LGBT History Month 2022 and Supporting our LGBT+ Colleagues

LGBT History Month 2022 and Supporting our LGBT+ Colleagues

Posted by
Alex Shaida
Mon, 28/02/2022 - 10:27


by: Rachel Bennett MIOA and Simon Chandler-Wilde MIOA

Rachel Bennet. February is LGBT+ History month, the aim of which is to promote diversity and equality, increase visibility of the LGBT+ community and its history, and work to make educational and other institutions safe spaces for all LGBT+ communities.

I am an acoustic consultant at Ramboll UK, and an active member of the company’s LGBT+ Allies network. The network provides a platform for employees to work together and share ideas on ways of improving LGBTQ+ members’ visibility and wellbeing within the company and the wider construction industry. We have teamed up with Building Equality and Ramboll is a Stonewall Diversity Champion.

Many people may think, ‘oh, that’s nice- but is it really that important?’. The short answer is, yes! Here a just a sample of the results collected in recent Stonewall and Construction News surveys:

  • 26% of lesbian, gay and bi staff across the UK are not out to anyone at work
  • 41% of graduates go back into the closet when entering the workplace
  • 1 in 5 LGB employees have experienced verbal bullying in the last 5 years
  • 17% of LGB staff would not feel comfortable reporting homophobic bullying in the workplace
  • 12% of trans employees have been physically attacked by a colleague or customer in the last year

Surely if you do not feel safe to simply be yourself in the workplace it will have a detrimental effect on your work, your professional relationships and your mental health. I believe it is important that everyone is made to feel welcome, and that everyone feels empowered to challenge inappropriate language or behaviour in the workplace.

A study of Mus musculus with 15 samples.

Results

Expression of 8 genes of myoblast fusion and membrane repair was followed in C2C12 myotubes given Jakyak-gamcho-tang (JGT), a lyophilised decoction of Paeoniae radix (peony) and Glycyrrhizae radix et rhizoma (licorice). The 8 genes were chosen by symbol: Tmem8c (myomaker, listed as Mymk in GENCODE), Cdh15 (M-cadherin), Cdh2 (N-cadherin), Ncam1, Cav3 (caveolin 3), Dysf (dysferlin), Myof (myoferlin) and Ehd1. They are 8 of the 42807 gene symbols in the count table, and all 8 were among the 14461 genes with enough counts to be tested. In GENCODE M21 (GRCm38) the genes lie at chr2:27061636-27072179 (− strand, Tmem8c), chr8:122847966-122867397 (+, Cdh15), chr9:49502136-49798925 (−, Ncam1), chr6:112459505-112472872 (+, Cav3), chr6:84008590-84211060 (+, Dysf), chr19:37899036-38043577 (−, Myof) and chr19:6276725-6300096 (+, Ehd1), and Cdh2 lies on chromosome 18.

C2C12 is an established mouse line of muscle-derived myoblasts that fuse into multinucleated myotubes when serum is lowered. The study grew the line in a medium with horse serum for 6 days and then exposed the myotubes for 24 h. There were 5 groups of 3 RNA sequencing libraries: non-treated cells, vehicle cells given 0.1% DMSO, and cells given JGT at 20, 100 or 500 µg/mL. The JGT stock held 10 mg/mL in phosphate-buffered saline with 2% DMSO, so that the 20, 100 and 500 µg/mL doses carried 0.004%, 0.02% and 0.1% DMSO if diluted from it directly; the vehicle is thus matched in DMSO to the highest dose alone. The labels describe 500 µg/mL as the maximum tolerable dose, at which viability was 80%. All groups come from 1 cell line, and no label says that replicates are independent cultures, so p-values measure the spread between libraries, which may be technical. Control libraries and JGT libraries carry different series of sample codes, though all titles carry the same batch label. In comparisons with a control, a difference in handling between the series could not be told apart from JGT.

Simon Chandler-Wilde. I’m an academic at the University of Reading where I’ve played a part, following a request from our LGBT+ Network, in starting our LGBT+ Allies Network and its associated training sessions – we had the last of these two weeks ago.

In these training sessions we encourage our allies to Be Visible, e.g. through the rainbow LBGT+/LGBT+ Ally Postcards that many of us post in our offices/office doors, to Be Informed about the LGBT+ community, e.g. through talks organised through the year, and, as Rachel reports above, to Not Be a Bystander, to feel empowered to challenge inappropriate language or behaviour.

As part of Being Informed, the University has worked with local Reading-based LGBT+ charity Support U to document LGBT+ history in Reading, which we’ve been promoting for LGBT+ History Month. To get a flavour of LGBT+ history, at least in the Reading area, you’re welcome to take our physical or virtual Walking Tour of Reading’s Queer Past, including Reading Gaol, where Oscar Wilde was the most famous prisoner.

As a practical tool to help challenge inappropriate behaviour, we teach the UHT method;

  • “I UNDERSTAND why you said this and that you didn’t mean any harm.
  • HOWEVER, this language/behaviour is not appropriate and is offensive.
  • THEREFORE, I respectfully ask you not to do it.”

The IOA’s EDI Working Group. The IoA has set up an EDI Working Group in the last year, chaired by Angela Lamacraft, the IoA Council lead for EDI (Equality, Diversity and Inclusion). The EDI WG is here to support all aspects of equality, diversity and inclusion across our membership, including the LGBT+ community and its allies, and are keen to hear at any time from members of the IOA.